Spanish green energy giant Iberdrola is to build a €750m ($808m) renewable hydrogen plant in Southern Europe, to produce up to 100,000 tonnes of green ammonia — after signing a framework agreement with the world’s largest seaborne trader of ammonia, Trammo.

Hydrogen: hype, hope and the hard truths around its role in the energy transition
Will hydrogen be the skeleton key to unlock a carbon-neutral world? Subscribe to the weekly Hydrogen Insight newsletter and get the evidence-based market insight you need for this rapidly evolving global market

The US company will buy the entire output from the facility — which will party financed by “European funding” — with plans to sell a large part of it in Northern Europe.

Iberdrola is not saying which country the project — which will be powered by 500MW of new renewable energy — will be built in, telling Hydrogen Insight that “the plant location details will be confirmed in the near future”.

“This project aims to kickstart the European green hydrogen corridor,” the company said in a statement. “Southern Europe has a large renewable potential that allows it to supply competitive green energy to decarbonize the various energy-intensive heavy industry all across the continent such as the Netherlands, Germany or France.”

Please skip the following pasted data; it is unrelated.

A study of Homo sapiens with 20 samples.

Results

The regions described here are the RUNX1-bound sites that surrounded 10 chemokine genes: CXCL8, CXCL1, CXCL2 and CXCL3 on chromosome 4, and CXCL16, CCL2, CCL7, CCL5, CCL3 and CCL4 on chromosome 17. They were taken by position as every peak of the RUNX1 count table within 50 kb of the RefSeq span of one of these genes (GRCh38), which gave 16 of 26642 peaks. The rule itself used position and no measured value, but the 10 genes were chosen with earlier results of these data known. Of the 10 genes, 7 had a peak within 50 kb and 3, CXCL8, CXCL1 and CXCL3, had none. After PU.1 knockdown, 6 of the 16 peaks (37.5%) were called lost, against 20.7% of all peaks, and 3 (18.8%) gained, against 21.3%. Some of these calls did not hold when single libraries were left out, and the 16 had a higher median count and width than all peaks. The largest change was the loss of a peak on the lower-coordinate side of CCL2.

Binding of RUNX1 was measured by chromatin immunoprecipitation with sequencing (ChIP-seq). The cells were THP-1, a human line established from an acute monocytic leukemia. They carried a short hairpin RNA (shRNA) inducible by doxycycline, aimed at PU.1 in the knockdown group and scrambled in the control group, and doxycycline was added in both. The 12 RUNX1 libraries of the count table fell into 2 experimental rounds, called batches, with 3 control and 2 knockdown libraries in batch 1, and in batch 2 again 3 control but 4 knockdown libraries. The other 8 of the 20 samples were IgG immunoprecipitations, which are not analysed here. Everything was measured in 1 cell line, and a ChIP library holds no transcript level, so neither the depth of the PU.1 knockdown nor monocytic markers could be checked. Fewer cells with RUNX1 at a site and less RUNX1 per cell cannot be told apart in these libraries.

Iberdrola already operates Europe’s largest green hydrogen project — the 20MW Puertollano plant in Spain — and is developing more than 60 H2 facilities in eight countries, including the US and Australia.

Trammo has also signed a deal with Canadian developer Teal to buy 800,000 tonnes of green ammonia a year from a hydropower-based project in Quebec, Canada, which is believed to be the largest green hydrogen-based offtake contract ever signed.

“When you bring together one of the world's largest renewable energy developers and the world's largest seaborne trader of anhydrous ammonia, innovative projects like this can quickly become viable,” said Millán García-Tola, Iberdrola's global head of green hydrogen.

“For the past year, we have been operating Europe's largest green hydrogen plant, which gives us the experience and understanding of the processes and technology to scale-up quickly to these larger projects.”

Green ammonia can be used to decarbonise existing uses, such as fertilizer and chemical production, and can also be used directly as a marine fuel. Some countries, including Germany, are considering importing ammonia (NH3) and cracking it back into hydrogen and nitrogen — a fairly expensive process that requires large amounts of energy.

Ammonia is generally considered a more useful method of transporting hydrogen than compressed or liquefied H2, because it actually contains more hydrogen by volume than the purer forms, and is easier to store.

Liquid H2 must be kept at temperatures of below minus 259°C and contains 70kg of hydrogen per cubic metre, while ammonia becomes a liquid when compressed under fairly low pressures, and contains 107.3kg of H2 per cubic metre. Compressed hydrogen at a pressure of 700 bar contains 42kg of H2 per cubic metre.